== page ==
Cannabis for Malaria
Malaria is a disease that occurs when the Anopheles mosquito species bites an individual. In some cases, malaria can be fatal especially when left untreated. Malaria can occur in over 100 countries, and over 3 billion people live in areas that are at high risk for infection. Sadly, many of the deaths are from the poor in tropical countries who cannot afford the medicines used to treat malaria.
Malaria symptoms begin to manifest within 25 days of infection, and most patients experience the same symptoms: severe joint pain, extreme headaches, vomiting, fever, jaundice, convulsions, and damaged retinas. If infected individuals aren’t treated immediately, this can lead to further complications such as blackwater fever. In worse cases, death occurs because of respiratory infections.
Cannabis Has Been Used Since Ancient Times For Malaria
Ancient civilizations have long been using cannabis to treat many illnesses, and malaria is one of them. The plant is particularly effective in treating fever, one of the primary symptoms. China and Cambodia have been known to resort to cannabis as medication when a member of the community is infected with malaria. Traditionally, cannabis smoke from male and female plants are inhaled by the infected individual until the fever is reduced. Another way to administer cannabis to treat malaria is to take it orally in a mixture with water, although inhaling smoke has been shown to be a much more effective method.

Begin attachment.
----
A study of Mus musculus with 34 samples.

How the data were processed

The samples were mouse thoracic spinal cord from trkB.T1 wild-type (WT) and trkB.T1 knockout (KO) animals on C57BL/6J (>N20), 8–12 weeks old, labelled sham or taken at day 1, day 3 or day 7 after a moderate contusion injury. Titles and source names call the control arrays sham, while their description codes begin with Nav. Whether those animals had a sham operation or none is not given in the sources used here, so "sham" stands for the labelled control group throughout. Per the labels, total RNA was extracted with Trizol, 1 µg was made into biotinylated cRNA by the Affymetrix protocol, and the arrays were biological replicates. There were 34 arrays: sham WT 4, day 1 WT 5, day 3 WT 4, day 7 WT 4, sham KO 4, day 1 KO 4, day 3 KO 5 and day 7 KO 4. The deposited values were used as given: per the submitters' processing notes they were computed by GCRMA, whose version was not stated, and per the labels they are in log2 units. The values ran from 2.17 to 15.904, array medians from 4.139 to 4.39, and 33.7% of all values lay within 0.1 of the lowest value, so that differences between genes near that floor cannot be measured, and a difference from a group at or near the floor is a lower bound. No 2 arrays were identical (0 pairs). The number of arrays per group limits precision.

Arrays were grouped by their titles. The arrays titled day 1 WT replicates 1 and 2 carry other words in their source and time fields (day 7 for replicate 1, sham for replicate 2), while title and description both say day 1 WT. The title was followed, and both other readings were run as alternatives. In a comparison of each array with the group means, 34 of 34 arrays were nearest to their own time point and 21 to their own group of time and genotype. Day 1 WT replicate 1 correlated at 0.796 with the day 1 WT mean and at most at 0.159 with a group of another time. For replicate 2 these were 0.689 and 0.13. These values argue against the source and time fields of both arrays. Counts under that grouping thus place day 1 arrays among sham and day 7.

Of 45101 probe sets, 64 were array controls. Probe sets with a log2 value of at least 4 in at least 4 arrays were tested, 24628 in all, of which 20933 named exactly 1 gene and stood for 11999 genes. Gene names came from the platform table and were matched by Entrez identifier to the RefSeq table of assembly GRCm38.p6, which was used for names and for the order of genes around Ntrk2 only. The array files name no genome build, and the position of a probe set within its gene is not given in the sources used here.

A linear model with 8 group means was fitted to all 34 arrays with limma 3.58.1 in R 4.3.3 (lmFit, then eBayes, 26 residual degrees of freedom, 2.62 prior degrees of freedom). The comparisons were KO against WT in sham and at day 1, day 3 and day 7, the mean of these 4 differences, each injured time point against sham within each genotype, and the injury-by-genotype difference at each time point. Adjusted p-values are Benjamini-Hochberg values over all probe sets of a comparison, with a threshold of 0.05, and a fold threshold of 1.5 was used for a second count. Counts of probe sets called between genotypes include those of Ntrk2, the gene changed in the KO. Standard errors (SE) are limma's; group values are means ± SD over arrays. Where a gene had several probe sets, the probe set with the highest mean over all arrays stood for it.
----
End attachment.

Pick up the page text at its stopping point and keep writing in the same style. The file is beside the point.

In Africa, where more than 90% of malaria cases occur, healers in Zimbabwe have been reported to use cannabis in the treatment of malaria. Cannabis is also used in India as part of the traditional healing system for malaria among many other illnesses.
How Can Cannabis Help?
There is currently very limited research on the efficacy of cannabis for malaria, although ancient use provides very good testament the plant’s abilities to treat this dreaded disease. In 2007, a study was published where extracts of a sativa variety as well as aloe vera were shown to be effective in killing the larvae of the Anopheles stephensi mosquito, which is crucial in reducing the transmission of malaria.
Another more recent study showed that the cannabidiol in cannabis may be beneficial in repairing the brain in those who suffer from cerebral malaria, a complication that can lead to death. The study showed that the plant’s neuroprotective characteristics helped to reduce memory deficits as well as anxiety in lab mice. The mice who weren’t treated with cannabis after a malaria infection showed signs of anxiety, memory dysfunctions, and inflammation on certain parts of the brain. Meanwhile those who were treated with cannabidiol had a decrease in inflammation and didn’t have any memory deficits. What’s also surprising is that the mice who were treated with cannabidiol even lived longer lives, and were successful in regaining their full cognitive functionalities. The study’s conclusion state: “Our results indicate that CBD exhibits neuroprotective effects…and might be useful as an adjunctive therapy to prevent neurological symptoms following this disease.”
These studies only add to the increasing evidence of how cannabis can heal through its anti-inflammatory properties as well as its neuroprotective characteristics, particularly the cannabidiol compound. Since cannabidiol is a non-psychoactive cannabinoid, strains with a high CBD content or isolated treatments containing only CBD can be safely used by patients who are infected with cerebral malaria.
But while cannabis remains a Schedule 1 drug, this will only continue to impede more clinical trials proving the efficacy of the plant in treating malaria as well as dozens of life-threatening diseases that plague people all around the world.
Do you know anyone who has successfully treated malaria with cannabis? Share your story with us in the comments below!